For Democrats hoping to unseat Republican Governor Charlie Baker in 2018, my advice is: hang onto your day job. Would-be opponents will charge that Baker may be an okay manager, but he lacks vision. Making the charge stick will be difficult, if not impossible.
Baker’s immediate goals upon taking office may have lacked rhetorical flourish. They were: rebuilding relationships with the Commonwealth’s cities and towns; working on what he calls “blocking and tackling,” that is, wrestling with priority management problems; and taking a collaborative approach with leaders across New England and in Washington. (As he puts it, it is “perfectly okay to be hard on the issues, but you should be soft on the people.”) But his effectiveness in implementing those goals says a lot about his values and, by implication, his larger vision.
Collaborating is a must when you’re a Republican in an overwhelmingly Democratic state. But collaborating is also central to who Charlie Baker is. As he recently told the New England Council, our Founding Fathers, having suffered under the heavy hand of King George, created a system of checks and balances, putting a premium on collaboration and compromise. In that spirit, Baker says, he works on the theory that “Today’s friend is tomorrow’s foe is tomorrow’s friend,” and fighting is counter-productive.
Baker’s father’s advice (after the boy had been in a fight) still rings in his ears: “Son, whenever people see two people in a fight, they’re pretty sure that one is an asshole. They just don’t know which one.” For our Governor, the lesson drives him to seek common ground rather than dwell on differences.
Collaboration has worked for Baker across New England, in the example of a regional approach to energy, what he calls a “combo platter” bill, enhancing hydro, wind, solar and natural gas, improving our carbon footprint, generating a predictable supply of energy and ensuring the region’s ability to stay competitive.
Collaboration has spurred a strategy for dealing with the opioid crisis, something Baker consistently heard about as he was campaigning for governor. He worked with others on a bill including prevention and education, intervention, treatment and recovery. State spending in this area has now increased by 50 percent. The law requires courses in pain management for health providers, and experts on opioid therapy have been placed on boards of registration. Much remains to be done. But Baker shared this approach with the National Governors Association. Forty states have embraced it, making us a national model. Recently, Baker was named to one of two gubernatorial spots on a national commission on the opioid crisis.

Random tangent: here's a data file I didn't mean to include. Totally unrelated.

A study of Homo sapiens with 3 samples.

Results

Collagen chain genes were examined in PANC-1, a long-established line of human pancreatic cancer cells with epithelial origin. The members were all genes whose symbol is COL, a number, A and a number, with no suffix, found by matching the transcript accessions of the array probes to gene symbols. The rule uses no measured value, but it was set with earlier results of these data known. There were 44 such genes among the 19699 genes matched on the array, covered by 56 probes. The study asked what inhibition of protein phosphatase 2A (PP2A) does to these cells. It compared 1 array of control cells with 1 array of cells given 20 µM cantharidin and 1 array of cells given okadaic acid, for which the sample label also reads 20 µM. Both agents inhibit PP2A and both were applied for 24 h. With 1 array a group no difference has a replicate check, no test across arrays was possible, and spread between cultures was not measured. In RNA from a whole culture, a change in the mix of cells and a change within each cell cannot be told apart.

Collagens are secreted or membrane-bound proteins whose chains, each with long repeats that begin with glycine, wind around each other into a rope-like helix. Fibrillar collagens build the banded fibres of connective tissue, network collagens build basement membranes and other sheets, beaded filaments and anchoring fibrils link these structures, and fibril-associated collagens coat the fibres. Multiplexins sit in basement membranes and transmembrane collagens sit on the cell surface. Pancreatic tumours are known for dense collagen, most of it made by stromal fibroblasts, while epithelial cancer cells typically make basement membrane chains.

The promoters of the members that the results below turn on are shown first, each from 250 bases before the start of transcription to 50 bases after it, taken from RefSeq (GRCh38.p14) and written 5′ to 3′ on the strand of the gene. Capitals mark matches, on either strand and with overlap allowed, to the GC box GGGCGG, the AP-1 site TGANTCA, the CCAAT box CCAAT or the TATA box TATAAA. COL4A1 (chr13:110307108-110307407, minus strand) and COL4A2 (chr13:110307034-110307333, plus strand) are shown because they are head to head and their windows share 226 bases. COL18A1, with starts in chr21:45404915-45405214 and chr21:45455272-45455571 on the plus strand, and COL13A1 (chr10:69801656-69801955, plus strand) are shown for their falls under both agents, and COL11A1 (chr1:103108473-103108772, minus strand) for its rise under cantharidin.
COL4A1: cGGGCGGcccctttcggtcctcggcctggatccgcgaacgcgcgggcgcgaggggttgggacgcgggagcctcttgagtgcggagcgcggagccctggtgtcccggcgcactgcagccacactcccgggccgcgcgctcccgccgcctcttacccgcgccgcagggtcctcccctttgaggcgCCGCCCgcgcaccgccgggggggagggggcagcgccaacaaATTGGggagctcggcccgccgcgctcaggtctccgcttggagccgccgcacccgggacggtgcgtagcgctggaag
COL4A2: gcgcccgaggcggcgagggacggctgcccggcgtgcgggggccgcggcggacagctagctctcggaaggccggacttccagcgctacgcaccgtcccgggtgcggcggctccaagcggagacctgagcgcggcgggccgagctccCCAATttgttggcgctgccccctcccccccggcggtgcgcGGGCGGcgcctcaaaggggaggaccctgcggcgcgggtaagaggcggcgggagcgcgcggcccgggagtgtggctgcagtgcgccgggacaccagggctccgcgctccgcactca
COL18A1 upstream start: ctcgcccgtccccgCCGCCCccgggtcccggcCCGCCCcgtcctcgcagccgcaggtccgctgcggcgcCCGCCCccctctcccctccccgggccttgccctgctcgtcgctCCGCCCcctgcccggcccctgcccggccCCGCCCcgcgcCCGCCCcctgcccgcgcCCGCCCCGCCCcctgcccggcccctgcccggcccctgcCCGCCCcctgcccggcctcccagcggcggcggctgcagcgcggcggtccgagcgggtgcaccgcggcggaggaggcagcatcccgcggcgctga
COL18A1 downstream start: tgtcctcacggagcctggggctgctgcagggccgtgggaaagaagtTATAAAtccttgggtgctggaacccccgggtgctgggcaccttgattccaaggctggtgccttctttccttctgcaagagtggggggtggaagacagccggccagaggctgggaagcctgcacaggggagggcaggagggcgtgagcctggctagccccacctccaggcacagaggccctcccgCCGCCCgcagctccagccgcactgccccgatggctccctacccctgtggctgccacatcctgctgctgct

On justice reform, Massachusetts already has one of the lowest incarceration rates in the country. But 40-50 percent of formerly incarcerated individuals return to prison, so the Governor is targeting recidivism, providing new monies in the fiscal ’18 budget for support and training services.
He is partnering with the academic community on the growing problem of cyber security. Our primacy in the area has led to partnering with Israel, especially in the area of digital health. A strong relationship with the Department of Defense is leveraging the state’s intellectual property, and, along with MIT, has brought in a $300 million grant that will have military as well as domestic benefits. Because of Massachusetts’ innovation, academic and research sectors, Baker has been a leading spokesman against Trump curbs on H1b and H2b visas for skilled immigrants, which could damage our status as a global player.
Given the centrality of health care to our economy and the service needs of our residents, former Harvard Pilgrim CEO Baker is working with the 30 governors whose health care systems have negotiated some form of Medicaid waivers. He acknowledges that some improvements must be made in the Affordable Care Act, but the law and its Medicaid waivers must stay.
Cities and towns have benefited from Baker’s legislation eliminating many archaic rules encrusting them in red tape. The Governor has eschewed a top-down, do-it-the-state’s-way approach. Instead, communities may choose from a menu of some 600 best practices, and the state will offer assistance. This new “compact” has sparked the engagement of 270 of the state’s 351 towns and cities.
The “blocking and tackling” has involved some of the Commonwealth’s most knotty problems: the Department of Children and Families (DCF), the Health Connector, the T, and the Registry of Motor Vehicles. All needed fixing, and many still do. The T has become a more effective enterprise, but, because parts of the system are a century old, triage has been necessary to stop the bleeding and prepare to reduce the huge backlog of deferred maintenance. (Long-term, the T will need billions of dollars in investments in its core operating systems.) In all these agencies, Baker says, his administration has taken a “no drama approach” to carrying on their work.
All the good news doesn’t obviate challenges that still must be met, especially in streamlining T operations, improving DCF, creating affordable housing and clarifying the financial obligations of the state to its public colleges and universities.
Even after expending political capital by supporting two failed 2016 referenda, Baker still has an approval rating of 75 percent and is more favored by Democrats than Republicans. Inevitably the Democratic Party will back someone in an effort to defeat him. But partisans need to understand that “no drama” doesn’t mean no vision. Put all of his initiatives together and you get a mosaic of values, priorities and achievements. Vigorous opposition is always healthy for a democracy. But challengers should be under no illusion that it will be easy to make a strong case for upending the Baker administration.